Ping Pong Summer (2014) – Review

Directed by Michael Tully
Written by Michael Tully
Starring Marcello Conte, Emmi Shockley, Susan Sarandon, John Hannah

As a rule, we’re not awash lately with carefully considered, authentically envisioned depictions of the lives of young teenagers in the mid-1980’s on screen. Michael Tully’s partially biographical version of events here, concerning the summer of eighty-five for one young man on his family vacation, does its very best to be just that.
Concentrating on thirteen-year-old Rad Miracle (yes, really) the ping-pong obsessed kid caught somewhere between puberty and confidence, Tully’s project is an often delightful sojourn into your own history (if you’re of a certain age, like myself, who was also a young, uncomfortable, teenager at the time) that will not only have you gunning for the lead character in a way that only one can that recognises a little too much of themselves in him, but will drag you back to the days of beatboxing, boomboxes and criminally harsh fashion statements.
Tully’s film is so well realised, in fact, that it is easy to forget that this wasn’t actually made at the same time as the likes of The Breakfast Club and The Lost Boys, et al. The attention to eye-watering detail is second to none as Tully seemingly breathes an effortless eighties vibe into the quiet beach resort of Ocean Drive, Maryland. Though separated by the Atlantic, the common truths are unavoidable and if you too are in your forties, then you will end up as wistful as I was by the experience as a whole.
Teaming up with new best friend Teddy, Rad is introduced to the Fun Hub, a secluded oasis of pinball and video games surrounding what will become the main (although not sole) focus of Rad’s attention, a table tennis table in perfect condition.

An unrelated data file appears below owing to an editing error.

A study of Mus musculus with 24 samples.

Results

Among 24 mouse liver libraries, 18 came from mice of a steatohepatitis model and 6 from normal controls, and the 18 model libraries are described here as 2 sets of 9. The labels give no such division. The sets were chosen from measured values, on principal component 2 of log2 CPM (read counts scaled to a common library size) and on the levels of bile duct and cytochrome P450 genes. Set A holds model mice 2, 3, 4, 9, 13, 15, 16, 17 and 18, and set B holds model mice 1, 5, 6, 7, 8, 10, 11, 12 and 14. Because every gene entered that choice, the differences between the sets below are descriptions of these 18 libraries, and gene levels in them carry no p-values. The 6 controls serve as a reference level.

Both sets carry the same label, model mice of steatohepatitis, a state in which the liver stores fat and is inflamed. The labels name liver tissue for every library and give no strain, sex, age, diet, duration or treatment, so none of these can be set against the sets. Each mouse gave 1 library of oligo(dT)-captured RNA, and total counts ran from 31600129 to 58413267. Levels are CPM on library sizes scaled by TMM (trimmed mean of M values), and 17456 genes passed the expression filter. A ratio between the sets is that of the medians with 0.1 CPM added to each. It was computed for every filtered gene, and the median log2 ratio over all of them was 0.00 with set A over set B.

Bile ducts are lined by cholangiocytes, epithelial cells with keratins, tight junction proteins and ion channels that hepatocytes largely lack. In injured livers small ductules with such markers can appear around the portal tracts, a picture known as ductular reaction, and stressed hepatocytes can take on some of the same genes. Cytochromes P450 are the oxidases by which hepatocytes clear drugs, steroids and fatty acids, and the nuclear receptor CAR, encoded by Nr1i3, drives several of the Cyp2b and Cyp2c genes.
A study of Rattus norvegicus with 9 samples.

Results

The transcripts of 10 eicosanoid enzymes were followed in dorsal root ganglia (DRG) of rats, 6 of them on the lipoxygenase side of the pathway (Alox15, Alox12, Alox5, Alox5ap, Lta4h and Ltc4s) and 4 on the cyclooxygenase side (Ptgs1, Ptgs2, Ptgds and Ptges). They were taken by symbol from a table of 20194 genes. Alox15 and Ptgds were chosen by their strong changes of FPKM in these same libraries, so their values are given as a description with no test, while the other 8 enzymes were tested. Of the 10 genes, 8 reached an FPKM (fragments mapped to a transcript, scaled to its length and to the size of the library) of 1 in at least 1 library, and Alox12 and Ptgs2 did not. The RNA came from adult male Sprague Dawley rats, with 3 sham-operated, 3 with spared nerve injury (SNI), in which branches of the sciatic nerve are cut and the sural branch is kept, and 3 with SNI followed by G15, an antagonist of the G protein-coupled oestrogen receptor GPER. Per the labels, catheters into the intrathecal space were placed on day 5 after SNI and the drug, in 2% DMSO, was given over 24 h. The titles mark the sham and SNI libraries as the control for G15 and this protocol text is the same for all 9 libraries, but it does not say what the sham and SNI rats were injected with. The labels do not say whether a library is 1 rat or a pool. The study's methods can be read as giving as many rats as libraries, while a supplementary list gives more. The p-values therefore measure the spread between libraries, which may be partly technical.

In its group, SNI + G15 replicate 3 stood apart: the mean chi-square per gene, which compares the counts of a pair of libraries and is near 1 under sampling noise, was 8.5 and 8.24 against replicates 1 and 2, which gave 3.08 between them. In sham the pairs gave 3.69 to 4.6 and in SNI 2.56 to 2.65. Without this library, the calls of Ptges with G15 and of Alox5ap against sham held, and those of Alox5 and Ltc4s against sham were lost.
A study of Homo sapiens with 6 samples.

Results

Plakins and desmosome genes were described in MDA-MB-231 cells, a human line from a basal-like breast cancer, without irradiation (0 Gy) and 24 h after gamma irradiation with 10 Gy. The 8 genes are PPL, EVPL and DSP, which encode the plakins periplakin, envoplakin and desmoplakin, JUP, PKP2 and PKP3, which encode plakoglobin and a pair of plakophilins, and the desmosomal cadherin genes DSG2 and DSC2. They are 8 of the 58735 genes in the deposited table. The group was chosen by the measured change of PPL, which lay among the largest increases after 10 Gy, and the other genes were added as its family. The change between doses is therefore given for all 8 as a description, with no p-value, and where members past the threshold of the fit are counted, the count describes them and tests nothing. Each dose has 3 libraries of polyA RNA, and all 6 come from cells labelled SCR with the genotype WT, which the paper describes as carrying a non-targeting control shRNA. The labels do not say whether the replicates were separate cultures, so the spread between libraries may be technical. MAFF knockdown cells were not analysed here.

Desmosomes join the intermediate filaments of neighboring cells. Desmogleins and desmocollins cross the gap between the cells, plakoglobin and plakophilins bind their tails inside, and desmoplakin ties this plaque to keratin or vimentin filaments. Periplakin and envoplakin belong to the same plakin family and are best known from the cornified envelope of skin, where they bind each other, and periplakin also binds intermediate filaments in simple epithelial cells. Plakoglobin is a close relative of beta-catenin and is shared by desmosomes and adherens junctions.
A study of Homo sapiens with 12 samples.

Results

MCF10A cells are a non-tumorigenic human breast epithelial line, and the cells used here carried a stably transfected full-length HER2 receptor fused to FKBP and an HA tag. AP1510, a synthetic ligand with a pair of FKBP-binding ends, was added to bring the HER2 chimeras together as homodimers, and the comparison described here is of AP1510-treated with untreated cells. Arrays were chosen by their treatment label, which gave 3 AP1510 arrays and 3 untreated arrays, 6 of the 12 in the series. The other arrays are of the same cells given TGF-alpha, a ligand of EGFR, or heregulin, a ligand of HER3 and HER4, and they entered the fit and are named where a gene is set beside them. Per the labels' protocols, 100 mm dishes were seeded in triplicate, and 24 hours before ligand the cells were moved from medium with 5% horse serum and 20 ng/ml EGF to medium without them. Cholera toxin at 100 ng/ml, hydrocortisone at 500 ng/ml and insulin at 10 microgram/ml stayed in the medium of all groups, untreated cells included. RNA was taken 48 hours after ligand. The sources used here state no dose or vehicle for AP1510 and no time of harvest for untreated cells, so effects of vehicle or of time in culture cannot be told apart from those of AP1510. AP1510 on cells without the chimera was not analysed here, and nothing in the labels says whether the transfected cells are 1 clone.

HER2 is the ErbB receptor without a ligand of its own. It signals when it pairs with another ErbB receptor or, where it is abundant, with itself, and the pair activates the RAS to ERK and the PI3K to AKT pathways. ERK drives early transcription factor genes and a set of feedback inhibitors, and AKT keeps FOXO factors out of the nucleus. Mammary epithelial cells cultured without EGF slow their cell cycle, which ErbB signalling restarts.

Now no coming-of-age in any format would be the same without a nemesis and Tully has thought of that too, casting Joseph McCaughtry as the formidable and hateful Lyle Ace. Lyle is the town’s rich kid. He has the looks, the car and a terrible personality that smacks of being far too indulged up until this point. He also has the girl. The girl that Rad wants to kiss more than almost anything. Stacy Summers (Emmi Shockley).Lyle becomes Rad’s mental torturer for the summer until one day at the Fun Hub Rad finally snaps and challenges Lyle to a game of ping pong, in a ‘put up or shut up’ showdown. This requires a good deal of training for Rad who is not in the same league as Lyle in this (and many others) department.

Luckily for Rad, his next door neighbour on this holiday just happens to be an ex-table tennis champion, in the form of a grouchy Susan Sarandon. You might rightly ask what on earth Sarandon would be doing turning up here, but if we’re honest, her appearance is somewhat fleeting until a final act appearance where she comes to give some sagely advice.

Some good performances from the established actors in the cast make this a pleasure, but there are some questions surrounding the acting skills of some of the younger cast members, making it feel almost too uncomfortable to sit through on occasion. This does detract somewhat from the overall feeling of the film which looks perfect and is scripted with enough love for the period to rub off on any audience.

In all, a harmlessly fun film from Tully, which most definitely has its share of flaws, mostly in the acting department, but if you can overlook that and you’re the right age, you will take a great deal of pleasure from this.